My ESL students at home in Urbana all say the same thing: “I learned English at school/university in my country for X years. I thought I could manage basic English. But, I get here and I feel so stupid because I understand nearly nothing, and when I speak most people can’t understand me”—and countless variations on this theme.
Well, I now completely understand their feelings and frustrations. I am humbled.
I took French for 3 years at high school and 3 years at university many years ago (no need to say how many!). I didn’t delude myself that I spoke French well, as since then I’ve hardly had a chance to use or practise the language. In the past 10 or so years, Rod and I have visited France a number of times, but as tourists in mostly tourist areas. And we managed on basic French.
So, when we came to live here in Paris for 6 months, I thought I’d get by, with a bit more help from my dictionary and the course book, and a crash “conversation exchange” with one of my French students. But, I realize that turns out to be a misguided idea.
Now we have to deal with health issues, how to change a PIN at the bank, how to register at the local Prefecture, how to get a train ticket from a small station when none of the machines are working and the clerk isn’t authorized to sell tickets, how to ask for something at the local market when I don’t know the French word and it’s not in the dictionary.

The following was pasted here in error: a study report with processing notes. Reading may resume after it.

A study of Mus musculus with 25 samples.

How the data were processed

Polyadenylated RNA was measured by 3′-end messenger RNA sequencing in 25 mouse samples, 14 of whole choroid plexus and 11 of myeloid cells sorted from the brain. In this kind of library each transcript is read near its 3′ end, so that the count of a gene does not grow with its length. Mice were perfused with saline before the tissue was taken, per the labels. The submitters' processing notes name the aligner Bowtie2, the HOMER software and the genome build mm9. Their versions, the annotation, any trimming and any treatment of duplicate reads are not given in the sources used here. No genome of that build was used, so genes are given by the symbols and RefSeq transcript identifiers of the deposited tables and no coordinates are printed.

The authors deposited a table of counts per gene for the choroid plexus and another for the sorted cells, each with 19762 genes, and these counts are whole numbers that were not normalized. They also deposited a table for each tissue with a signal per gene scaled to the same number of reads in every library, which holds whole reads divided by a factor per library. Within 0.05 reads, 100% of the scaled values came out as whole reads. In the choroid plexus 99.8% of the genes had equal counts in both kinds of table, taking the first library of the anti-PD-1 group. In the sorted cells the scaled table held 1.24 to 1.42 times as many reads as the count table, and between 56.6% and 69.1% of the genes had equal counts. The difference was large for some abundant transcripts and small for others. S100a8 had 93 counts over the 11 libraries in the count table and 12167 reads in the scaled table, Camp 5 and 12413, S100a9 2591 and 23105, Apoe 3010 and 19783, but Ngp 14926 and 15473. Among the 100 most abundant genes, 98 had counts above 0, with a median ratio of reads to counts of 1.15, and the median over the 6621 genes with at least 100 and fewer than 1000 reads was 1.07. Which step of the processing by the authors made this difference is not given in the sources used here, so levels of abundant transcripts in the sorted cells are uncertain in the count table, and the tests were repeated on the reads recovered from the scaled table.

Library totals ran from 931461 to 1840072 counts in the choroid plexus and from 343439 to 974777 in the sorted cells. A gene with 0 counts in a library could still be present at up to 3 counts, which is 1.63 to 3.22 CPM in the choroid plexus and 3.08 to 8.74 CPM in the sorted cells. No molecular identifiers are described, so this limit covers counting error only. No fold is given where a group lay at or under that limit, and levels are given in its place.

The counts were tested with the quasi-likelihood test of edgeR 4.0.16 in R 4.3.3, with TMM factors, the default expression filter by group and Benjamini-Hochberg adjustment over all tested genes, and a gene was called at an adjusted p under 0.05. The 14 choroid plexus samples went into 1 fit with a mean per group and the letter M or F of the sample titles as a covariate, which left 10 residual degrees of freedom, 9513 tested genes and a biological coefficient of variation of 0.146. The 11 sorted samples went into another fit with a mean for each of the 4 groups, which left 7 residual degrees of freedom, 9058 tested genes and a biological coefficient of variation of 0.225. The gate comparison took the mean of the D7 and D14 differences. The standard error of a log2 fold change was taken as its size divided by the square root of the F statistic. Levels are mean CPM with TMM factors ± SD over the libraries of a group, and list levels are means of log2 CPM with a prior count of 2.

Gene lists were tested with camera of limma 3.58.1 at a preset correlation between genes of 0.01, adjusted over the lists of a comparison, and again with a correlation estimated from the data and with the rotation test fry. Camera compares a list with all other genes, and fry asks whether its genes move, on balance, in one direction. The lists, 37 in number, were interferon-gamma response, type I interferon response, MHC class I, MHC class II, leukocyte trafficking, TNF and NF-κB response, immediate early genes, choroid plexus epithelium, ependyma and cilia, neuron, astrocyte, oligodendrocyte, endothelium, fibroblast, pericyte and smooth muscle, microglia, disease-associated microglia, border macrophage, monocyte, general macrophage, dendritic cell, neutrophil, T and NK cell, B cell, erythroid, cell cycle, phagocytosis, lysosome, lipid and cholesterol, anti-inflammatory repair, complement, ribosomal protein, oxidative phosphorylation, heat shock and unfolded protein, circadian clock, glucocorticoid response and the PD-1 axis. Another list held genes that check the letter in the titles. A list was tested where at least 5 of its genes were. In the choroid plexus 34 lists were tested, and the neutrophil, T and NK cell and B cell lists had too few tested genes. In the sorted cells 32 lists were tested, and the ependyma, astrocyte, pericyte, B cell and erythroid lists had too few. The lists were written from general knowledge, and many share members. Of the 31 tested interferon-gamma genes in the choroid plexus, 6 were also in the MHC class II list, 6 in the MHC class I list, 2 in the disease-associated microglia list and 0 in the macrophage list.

We’ve been here for almost 3 months now (with a 3-week break in China), and I feel dumber every day. Listening and understanding when the locals speak to me are my biggest challenges, and I have to make an effort some days not to be a hermit, just staying in my little orbit or venturing to tourist spots where someone will speak slowly.
But, there have been a few small signs of progress and I guess we just need more time, and practice (as I always tell my students!)—trite, maybe, but true.
I relate well to my students anyway (so I’m told) but after this experience I hope that I will be even more empathetic.